I saw windmills in the distance obscured by thick morning fog, looking like ominous giants way out there watching me every step of the way. Dinosaurs on the move, born again and rising out of the Texas swamps.
But then I was still in the plains. This was West Texas, just outside of Amarillo. I had music playing that morning. Elvis Presley. He was crooning one of my favorite songs. Milky White Way.
I stopped at a cafe about 80 miles to the south. The place was nearly deserted except for the lady and gentleman who ran the place. I think they ran it anyway. I think they were a married couple too. I only assumed these things by the way they carried themselves around the shop, and the way they spoke to each other, not in any good or bad way but one that seemed like they’d been doing it for many years.
They asked where I was coming from, and where I was going. I’ve had so many conversations like this over the years, it’s crazy. I don’t mind it though.
I like meeting people from across the country. It makes me feel closer to it in a way that I guess few are able to experience as often. So I count myself lucky.
I’m coming from California, I told them. “I’m headed toward Shreveport.”
“Ah well,” the lady said. “That’s a long way from here. I think you’re gonna need some coffee.”
She smiled then winked at me. The man strode in from the back room to say hello. He rested his hands onto countertop and then took a long look out the window.
“Yes please,” I said to the lady.
She went into the back room to roast me a cup. I asked for a medium since I knew that I did indeed have a longer drive ahead of me. The truth was that I hoped to make it a little farther past Shreveport if I could. The car I was driving was actually a lease, one that needed to be returned in Florida because the back seats were still there. I needed to get back to Florida before the deadline, with enough time in between to get it cleaned and in good shape before I turned it in.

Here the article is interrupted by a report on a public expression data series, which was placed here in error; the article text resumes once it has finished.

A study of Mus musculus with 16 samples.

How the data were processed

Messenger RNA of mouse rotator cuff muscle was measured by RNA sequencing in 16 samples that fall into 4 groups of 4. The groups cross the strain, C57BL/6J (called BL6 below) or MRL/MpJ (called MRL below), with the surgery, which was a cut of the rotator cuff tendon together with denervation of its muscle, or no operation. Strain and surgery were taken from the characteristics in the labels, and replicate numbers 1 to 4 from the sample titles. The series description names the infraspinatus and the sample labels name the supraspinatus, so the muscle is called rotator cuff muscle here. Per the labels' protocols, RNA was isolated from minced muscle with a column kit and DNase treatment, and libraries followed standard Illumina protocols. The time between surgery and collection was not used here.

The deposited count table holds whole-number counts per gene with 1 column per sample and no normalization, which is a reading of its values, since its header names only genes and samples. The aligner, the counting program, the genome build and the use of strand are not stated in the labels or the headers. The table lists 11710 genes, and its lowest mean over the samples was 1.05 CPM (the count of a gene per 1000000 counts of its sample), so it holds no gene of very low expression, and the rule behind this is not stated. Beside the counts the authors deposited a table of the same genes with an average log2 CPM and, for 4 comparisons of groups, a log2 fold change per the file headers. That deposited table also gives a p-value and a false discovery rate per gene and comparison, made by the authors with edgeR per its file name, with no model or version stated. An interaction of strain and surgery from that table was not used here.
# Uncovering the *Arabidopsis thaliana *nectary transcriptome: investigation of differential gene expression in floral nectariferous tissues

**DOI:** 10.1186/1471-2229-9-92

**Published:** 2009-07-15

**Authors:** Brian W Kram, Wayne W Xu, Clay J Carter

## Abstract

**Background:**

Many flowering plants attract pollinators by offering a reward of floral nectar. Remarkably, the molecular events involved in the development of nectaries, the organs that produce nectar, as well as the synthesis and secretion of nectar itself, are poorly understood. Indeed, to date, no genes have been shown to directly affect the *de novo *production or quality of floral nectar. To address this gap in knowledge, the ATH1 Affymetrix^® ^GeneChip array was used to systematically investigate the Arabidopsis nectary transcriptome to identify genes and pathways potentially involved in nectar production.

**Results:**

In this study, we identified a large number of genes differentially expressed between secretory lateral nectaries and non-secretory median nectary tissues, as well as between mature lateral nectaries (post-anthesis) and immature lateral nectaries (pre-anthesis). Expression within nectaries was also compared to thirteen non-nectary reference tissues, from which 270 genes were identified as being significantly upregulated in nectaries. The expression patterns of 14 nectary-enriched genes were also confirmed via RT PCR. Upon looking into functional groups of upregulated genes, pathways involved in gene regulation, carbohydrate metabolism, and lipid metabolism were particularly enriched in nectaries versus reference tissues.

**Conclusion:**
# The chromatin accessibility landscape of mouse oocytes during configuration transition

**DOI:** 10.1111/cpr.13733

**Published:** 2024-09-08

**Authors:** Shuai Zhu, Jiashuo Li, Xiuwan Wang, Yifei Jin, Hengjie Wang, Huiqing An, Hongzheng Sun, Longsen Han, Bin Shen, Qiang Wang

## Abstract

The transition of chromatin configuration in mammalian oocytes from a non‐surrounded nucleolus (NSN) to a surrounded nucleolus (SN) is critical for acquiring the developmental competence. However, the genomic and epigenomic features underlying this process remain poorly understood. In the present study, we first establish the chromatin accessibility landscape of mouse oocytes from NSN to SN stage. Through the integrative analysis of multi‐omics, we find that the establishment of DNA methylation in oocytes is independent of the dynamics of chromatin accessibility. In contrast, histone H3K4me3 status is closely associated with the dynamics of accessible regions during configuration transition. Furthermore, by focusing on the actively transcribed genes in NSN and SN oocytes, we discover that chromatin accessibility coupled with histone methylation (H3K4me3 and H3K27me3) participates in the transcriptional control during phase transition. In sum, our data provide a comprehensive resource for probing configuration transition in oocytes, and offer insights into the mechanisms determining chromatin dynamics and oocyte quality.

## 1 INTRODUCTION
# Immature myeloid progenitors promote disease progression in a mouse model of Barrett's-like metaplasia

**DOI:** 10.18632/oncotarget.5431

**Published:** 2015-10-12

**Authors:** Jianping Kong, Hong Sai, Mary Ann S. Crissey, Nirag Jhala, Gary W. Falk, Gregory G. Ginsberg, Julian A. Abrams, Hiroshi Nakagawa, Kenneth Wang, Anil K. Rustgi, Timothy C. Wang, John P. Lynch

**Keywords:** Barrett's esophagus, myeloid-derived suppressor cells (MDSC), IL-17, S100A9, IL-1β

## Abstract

The sooner I arrived, the better; but I didn’t want to push myself to the point of exhaustion either. The last thing I needed to was to get all run down and suddenly become twice as vulnerable to Señor Corona.
The lady came back from the office with a medium cup of coffee. I thanked them both very much and wished them a nice rest of the week.
“You too,” said the man. “Be safe out there and enjoy Shreveport.”
I tipped my hat to him and went out toward the door as two girls walked in, saying hello to me and to the man and woman at the counter. The four of them repeated a different version of the conversation we’d just had. The girls walked over to the coffee table by the window and signed what looked like a visitor’s log, where they likely wrote down their information and where they were traveling from and their email address and all those details.
At the front door I noticed a sign I hadn’t noticed before, or rather about twelve different signs each pointing in different directions from a wooden plank. Each sign had a different town or city, some in the United States and a few others throughout the world, from Amarillo and Santa Fe to Rome, London and Cairo, each with the corresponding number of miles between the city and this coffee shop.
I smiled and walked out the door. I started the car and continued south by southwest, heading toward Shreveport.